Normally, when it comes to new kits, I like to get my opinion up on the site as quickly as possible. However, as I told KC Gunner on Twitter last night, I needed to sleep on this one. Having now done so I think I can offer a few thoughts on it.
Here’s what I know for sure:
Maybe I’m oversimplifying things, but I think the big problem can be summed up in one phrase: Adidas, aided and abetted by Major League Soccer. As I’ve said many times before when it comes to the Adidas-MLS partnership, I get it. I get it on every level. It helps the league with branding and marketing, it provides a uniform (sorry) image “look” for the casual fan to recognize, it provides guaranteed money to the league (not the clubs, that’s important), and it provides some financial stability for the league. The problem is that it also stifles each club’s ability to differentiate itself from the others, from brokering it’s own kit deals, etc.. I know what MLS fears is that clubs like L.A. and the N.Y. clubs will become Nike or Adidas clubs and that the kit deals will filter down from there and end up with San Jose wearing Del Mar High School’s old junior varsity kits, but that’s big time football, and frankly, how is it any different from MLS making sure that marquee players end up at these same clubs? But back to the kit…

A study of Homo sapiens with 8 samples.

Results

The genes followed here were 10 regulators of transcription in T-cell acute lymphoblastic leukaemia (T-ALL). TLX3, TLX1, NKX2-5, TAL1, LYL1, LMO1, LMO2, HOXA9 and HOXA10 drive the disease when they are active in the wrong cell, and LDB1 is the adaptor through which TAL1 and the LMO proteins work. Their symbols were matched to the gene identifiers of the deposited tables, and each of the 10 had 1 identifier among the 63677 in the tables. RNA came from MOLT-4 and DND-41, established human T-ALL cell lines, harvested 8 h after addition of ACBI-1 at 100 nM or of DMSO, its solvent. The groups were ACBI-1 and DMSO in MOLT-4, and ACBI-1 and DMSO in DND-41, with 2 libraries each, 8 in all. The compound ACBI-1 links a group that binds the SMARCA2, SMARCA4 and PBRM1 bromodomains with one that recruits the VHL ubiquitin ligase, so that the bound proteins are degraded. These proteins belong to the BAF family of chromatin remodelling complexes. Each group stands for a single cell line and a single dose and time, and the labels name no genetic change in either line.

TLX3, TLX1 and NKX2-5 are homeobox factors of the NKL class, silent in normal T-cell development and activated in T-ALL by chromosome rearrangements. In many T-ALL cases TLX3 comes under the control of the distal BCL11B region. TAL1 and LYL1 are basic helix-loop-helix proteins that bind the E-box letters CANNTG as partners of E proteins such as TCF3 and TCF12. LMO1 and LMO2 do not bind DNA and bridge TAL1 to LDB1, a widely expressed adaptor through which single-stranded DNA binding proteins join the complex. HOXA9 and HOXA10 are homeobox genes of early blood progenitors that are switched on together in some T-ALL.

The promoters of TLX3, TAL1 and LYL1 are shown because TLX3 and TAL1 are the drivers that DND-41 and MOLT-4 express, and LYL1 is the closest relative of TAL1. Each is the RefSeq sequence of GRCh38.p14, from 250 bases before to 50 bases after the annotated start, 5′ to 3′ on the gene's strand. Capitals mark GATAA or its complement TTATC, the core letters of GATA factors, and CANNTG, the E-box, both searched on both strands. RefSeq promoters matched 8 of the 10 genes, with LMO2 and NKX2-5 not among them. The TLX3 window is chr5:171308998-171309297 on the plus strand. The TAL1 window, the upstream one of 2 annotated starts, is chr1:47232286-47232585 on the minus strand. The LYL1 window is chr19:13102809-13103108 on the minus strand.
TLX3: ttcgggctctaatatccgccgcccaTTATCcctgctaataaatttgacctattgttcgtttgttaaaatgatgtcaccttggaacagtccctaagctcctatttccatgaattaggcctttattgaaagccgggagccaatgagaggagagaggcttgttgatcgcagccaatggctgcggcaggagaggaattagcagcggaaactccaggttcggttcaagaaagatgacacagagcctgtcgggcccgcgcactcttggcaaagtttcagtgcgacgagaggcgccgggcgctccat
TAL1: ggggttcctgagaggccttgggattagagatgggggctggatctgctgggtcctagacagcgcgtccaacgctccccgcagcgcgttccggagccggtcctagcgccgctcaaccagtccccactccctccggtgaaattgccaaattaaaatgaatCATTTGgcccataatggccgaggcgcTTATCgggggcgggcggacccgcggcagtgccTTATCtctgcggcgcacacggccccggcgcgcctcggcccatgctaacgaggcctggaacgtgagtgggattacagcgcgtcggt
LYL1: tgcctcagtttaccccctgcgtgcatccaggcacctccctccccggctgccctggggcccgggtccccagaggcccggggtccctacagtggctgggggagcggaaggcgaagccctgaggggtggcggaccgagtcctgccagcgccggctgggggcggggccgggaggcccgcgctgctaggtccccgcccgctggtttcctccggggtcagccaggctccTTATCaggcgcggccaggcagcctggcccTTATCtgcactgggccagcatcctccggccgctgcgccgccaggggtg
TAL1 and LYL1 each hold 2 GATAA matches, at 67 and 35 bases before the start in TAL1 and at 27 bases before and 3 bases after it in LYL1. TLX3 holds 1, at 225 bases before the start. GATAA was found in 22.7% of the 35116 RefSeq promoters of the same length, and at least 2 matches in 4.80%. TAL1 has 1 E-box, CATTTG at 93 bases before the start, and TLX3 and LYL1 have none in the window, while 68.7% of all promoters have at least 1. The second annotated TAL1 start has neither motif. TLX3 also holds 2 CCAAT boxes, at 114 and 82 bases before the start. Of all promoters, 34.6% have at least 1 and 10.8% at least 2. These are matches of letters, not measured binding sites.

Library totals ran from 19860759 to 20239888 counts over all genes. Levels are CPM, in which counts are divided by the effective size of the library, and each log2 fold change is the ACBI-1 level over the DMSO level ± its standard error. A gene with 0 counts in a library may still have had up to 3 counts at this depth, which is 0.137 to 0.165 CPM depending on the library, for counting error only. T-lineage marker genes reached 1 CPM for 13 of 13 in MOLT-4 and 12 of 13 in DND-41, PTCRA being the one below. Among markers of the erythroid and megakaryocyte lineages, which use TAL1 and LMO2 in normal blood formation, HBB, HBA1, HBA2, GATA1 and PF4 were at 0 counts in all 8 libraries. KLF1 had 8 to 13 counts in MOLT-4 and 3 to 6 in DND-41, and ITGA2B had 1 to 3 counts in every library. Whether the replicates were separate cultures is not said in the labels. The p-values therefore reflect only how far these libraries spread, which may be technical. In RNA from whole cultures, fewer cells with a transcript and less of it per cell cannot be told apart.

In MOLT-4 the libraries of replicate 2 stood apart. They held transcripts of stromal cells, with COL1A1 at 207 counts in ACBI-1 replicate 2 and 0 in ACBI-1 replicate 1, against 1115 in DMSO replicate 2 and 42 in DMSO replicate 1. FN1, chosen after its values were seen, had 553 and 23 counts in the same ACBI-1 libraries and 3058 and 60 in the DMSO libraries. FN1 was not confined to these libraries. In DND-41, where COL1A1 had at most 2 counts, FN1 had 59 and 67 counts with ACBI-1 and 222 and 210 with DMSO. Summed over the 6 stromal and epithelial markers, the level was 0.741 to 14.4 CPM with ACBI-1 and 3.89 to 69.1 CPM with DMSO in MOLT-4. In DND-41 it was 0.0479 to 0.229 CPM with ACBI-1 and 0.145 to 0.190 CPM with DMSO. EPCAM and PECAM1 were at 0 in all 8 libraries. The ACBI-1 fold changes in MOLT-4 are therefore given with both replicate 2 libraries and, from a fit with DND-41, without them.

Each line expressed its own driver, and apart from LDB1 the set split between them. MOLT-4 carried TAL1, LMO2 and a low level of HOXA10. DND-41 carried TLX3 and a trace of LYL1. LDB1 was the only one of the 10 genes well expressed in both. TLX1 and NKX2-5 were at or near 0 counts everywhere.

There is nothing “wrong” with an all-white kit, but as worn by New England in the past they have been generic Adidas templates and have added nothing of aesthetic worth to the club or the league. So, as I said in my first bullet point, moving away from white- in this case toward red- is an improvement. Which brings us to the execution of the new kit, which I don’t like. I don’t hate it, I just don’t like it.
Again, I think the problem originates with Adidas. Clubs are offered a limited number of templates and color combinations by Adidas and then must do their best to shoehorn their identity into one of these kits. The result being that no matter how creative a club might be, their kits end up looking too close to those of other clubs. In this case, swap out the club crests and change the green trim to blue and you’ll find yourself looking at something that could easily be worn by Chicago, Dallas, New York, and maybe even Toronto or the late Chivas U.S.A..
You know what could have vastly improved this shirt? An alternate badge based on the New England flag- or even just the flag itself. Need some ideas? Do a Google Image Search for “New England Revolution Logo Change” and you’ll see what I mean.
I’m done now, but let me just plant a seed with you.
In the last six months New England has signed its first legitimate designated player, made it back to MLS Cup, resigned Juan Agudelo, continued to search for a soccer-specific stadium location, and now have tweaked their away kit…things are starting to add up.